Thursday, August 18, 2011
Quote of the Day
"I’m here as the modern-day Harriet Tubman to kind of lead people on the underground railroad away from that plantation into a sense of sensibility."
-- Congressman Allen West (R-Sociopath) comparing himself to a civil rights legend and Democratic politics to a "plantation" that black Americans need to escape from, during an interview with Bill O'Reilly last night
I'll give Allen West this: I'm not sure he's capable of just saying something benign. Remember the days before Jesse Ventura became a professional conspiracy theorist, when he was simply famous for being the one politician always guaranteed to spout indiscriminate nonsense the second anyone put a microphone in front of him (the streets in St. Paul were designed by drunken Irishmen, he was a Navy SEAL, midgets should be kept as pets, etc.)? Well West is like that, cranked to 11. I truly believe he has no idea how thoroughly offensive a good 80% of his rhetoric is, which, as I've alluded to before, is kind of the definition of a narcissist.
While comparing himself to Harriet Tubman is patently ridiculous no matter how you slice it -- and I can think of another widely referenced slavery-era character many African-Americans would call a black guy who obsequiously aligns himself with the largely white ruling-class of the Republican party -- I do actually agree with him on the point he goes on to make about the current model of black "leaders" in this country. "White liberals have turned over to certain leaders -- ‘perceived leaders’ -- in the black community like a Jesse Jackson, Al Sharpton, a Maxine Waters or Barbara Lee, and said, ‘pacify and keep the black community firmly behind us regardless of the failures of our social welfare policies,'" he argues. He's correct to say that we're past the point where those who subscribe to the traditional model of the perpetually aggrieved and self-appointed representative of all of black America -- a few of whom he cited by name -- should be allowed to be the only, or at least most deafening and powerful, black voices out there. But the idea that a Jesse Jackson or a Maxine Waters is a tool of the white, liberal establishment -- and that an Allen West, who's a member of a party that generally doesn't give a crap about minorities, is some sort of hero come to free black America from bondage -- is flat-out nuts. Preaching the gospel of personal responsibility is one thing; a refusal to accept that there's a very real economic and social disparity between a vast swath of white and black in this country that needs to be taken into consideration is something else entirely.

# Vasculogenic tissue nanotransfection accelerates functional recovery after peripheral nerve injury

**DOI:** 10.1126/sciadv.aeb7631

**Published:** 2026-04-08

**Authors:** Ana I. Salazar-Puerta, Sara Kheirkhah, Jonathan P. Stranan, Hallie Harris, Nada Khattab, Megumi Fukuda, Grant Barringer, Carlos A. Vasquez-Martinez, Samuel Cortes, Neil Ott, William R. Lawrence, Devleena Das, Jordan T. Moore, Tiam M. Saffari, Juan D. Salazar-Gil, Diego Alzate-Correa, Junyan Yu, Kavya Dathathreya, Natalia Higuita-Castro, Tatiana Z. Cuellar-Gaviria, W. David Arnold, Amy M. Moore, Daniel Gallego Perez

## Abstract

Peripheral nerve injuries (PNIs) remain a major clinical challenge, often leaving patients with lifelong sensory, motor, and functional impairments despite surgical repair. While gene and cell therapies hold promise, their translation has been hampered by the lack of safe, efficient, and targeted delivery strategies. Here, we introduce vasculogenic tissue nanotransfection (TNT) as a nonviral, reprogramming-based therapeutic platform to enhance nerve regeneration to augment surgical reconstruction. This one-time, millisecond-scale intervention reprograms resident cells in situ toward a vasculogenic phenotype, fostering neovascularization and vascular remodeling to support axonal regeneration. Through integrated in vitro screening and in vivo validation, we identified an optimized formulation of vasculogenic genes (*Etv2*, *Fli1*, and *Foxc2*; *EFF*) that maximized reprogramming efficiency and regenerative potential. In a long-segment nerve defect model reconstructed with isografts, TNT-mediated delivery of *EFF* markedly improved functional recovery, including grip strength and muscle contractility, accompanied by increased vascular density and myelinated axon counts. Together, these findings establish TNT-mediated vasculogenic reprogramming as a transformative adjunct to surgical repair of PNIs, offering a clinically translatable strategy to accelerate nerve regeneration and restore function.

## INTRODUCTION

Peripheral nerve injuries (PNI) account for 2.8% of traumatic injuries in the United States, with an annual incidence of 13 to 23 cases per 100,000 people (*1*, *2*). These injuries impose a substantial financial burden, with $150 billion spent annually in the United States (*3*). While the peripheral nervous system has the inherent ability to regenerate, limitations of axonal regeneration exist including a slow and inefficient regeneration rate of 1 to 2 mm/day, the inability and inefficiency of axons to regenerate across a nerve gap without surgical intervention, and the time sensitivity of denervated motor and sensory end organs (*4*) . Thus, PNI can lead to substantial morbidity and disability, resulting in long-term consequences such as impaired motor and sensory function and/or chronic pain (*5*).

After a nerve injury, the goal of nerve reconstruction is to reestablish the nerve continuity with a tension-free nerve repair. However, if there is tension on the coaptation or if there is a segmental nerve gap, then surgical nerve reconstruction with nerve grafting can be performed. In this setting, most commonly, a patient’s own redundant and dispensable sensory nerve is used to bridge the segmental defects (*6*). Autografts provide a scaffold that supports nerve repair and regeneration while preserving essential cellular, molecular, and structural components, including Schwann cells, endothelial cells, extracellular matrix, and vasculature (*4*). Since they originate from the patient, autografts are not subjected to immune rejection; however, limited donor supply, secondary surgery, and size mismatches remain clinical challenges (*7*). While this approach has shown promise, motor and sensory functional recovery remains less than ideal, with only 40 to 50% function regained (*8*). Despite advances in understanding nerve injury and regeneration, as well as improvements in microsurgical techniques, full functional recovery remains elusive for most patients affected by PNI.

Regardless, Allen West -- a guy who says that women exist primarily in service to their warrior men, bullets and ballots essentially accomplish the same thing, and those who are currently suffering under the strain of the economic policies his party enacted have to simply pull themselves up by their bootstraps -- isn't the guy to lead this fight. The fact that he honestly puts himself on a pedestal beside Harriet Tubman, who risked her life fighting the oppression that many in the modern GOP still look back on with fondness and nostalgia, tells you exactly why.